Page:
Good progress has been made by Japan in remediation efforts in areas affected by the Fukushima Daiichi nuclear accident, a group of United Nations experts have said in a preliminary report, while encouraging the Government to better communicate its decontamination goals to the public.
The expert mission by the International Atomic Energy Agency (IAEA) to review remediation efforts, which concluded today, is a follow-up to the first mission carried out in October 2011 in the wake of the incident at the Fukushima Daiichi nuclear power station in March of that year.
In March 2011, a 9.0-magnitude earthquake created a tsunami that in addition to killing 20,000 people, slammed into the power station, disabling cooling systems and leading to fuel meltdowns in three of the six units. The incident was reported to be the worst nuclear accident since the 1986 Chernobyl disaster.
The mission recognized the “huge effort and enormous resources” that Japan is devoting to its remediation strategies and activities, with the aim of improving living conditions for people affected by the nuclear accident and enabling evacuees to return home, the IAEA said in a news release.
“Japan has done an enormous amount to reduce people’s radiation exposure in the affected areas, to work towards enabling evacuees to go back to their homes and to support local communities in overcoming economic and social disruption,” said team leader Juan Carlos Lentijo, Director of the Division of Fuel Cycle and Waste Technology in the IAEA’s Department of Nuclear Energy.
He added that the team was really impressed by the involvement of a wide range of ministries, agencies and local authorities in driving these crucial remediation efforts.
The Oct. 14-21 mission, which was requested by the Japanese Government, welcomed the extensive provision of individual dosimeters so that residents can monitor their own radiation dose rates, helping to boost public confidence.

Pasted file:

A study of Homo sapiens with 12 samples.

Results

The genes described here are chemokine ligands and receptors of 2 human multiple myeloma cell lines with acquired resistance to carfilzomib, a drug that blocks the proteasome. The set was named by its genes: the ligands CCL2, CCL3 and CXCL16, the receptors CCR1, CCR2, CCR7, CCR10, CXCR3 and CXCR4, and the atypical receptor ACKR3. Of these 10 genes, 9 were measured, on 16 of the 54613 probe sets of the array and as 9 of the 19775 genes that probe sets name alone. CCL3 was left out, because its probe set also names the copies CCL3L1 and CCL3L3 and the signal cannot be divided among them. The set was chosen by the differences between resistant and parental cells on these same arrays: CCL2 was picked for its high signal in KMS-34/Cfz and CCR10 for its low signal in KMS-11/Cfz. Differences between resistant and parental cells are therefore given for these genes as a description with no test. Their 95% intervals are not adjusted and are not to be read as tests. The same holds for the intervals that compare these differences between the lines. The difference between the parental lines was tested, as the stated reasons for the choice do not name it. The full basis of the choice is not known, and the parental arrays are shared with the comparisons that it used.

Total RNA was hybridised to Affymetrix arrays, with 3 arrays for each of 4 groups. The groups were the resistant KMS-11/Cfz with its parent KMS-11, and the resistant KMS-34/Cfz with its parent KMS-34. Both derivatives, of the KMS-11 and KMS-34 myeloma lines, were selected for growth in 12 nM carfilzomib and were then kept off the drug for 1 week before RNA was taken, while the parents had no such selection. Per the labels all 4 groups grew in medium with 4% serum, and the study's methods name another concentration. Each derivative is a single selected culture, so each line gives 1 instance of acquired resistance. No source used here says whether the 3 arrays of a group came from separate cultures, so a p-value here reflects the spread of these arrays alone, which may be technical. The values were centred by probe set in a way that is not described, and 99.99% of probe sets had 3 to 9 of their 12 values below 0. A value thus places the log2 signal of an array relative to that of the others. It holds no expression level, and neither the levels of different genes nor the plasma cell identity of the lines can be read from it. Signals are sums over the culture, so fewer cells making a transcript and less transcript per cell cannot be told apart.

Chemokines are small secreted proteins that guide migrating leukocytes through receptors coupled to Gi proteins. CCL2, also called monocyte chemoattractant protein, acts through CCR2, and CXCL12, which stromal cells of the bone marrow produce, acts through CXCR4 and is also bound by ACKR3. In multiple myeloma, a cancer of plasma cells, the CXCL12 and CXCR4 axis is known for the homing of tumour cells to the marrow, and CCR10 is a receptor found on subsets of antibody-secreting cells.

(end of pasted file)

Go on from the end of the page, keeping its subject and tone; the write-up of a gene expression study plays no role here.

“Good progress has been made in the remediation of affected farmland, and comprehensive implementation of food safety measures has protected consumers and improved consumer confidence in farm produce,” the press release noted, adding that a comprehensive programme to monitor fresh water sources such as rivers, lakes and ponds is ongoing, including extensive food monitoring of both wild and cultivated freshwater fish.
The mission encouraged the Government to strengthen its efforts to explain to the public that an additional individual radiation dose of 1 millisievert per year (mSv/y), which it has announced as a long-term goal, cannot be achieved in a short time by decontamination work alone.
It also encouraged the relevant institutions in Japan to assess the role that the Nuclear Regulation Authority (NRA) could play in the independent review of the remediation activities, particularly those required for the long term.
In addition, the mission encouraged the relevant organizations to conduct safety assessments of the facilities and activities for the long-term management of contaminated materials, and to allow for their independent review.
The 16-person team consisted of international experts and IAEA staff working in a range of disciplines, including radiation protection, remediation technologies, waste management and stakeholder involvement.
It assessed comprehensive information provided by the Japanese authorities and held discussions with the relevant institutions, including national, prefectural and local institutions. It also visited the affected areas, including several sites where remediation activities were conducted and some temporary storage sites for radioactive waste and soil, as well as a survey area for an interim storage facility, and a demonstration facility for incineration of sewage sludge.
The team’s preliminary report was presented to the Government today and the final report is expected in December.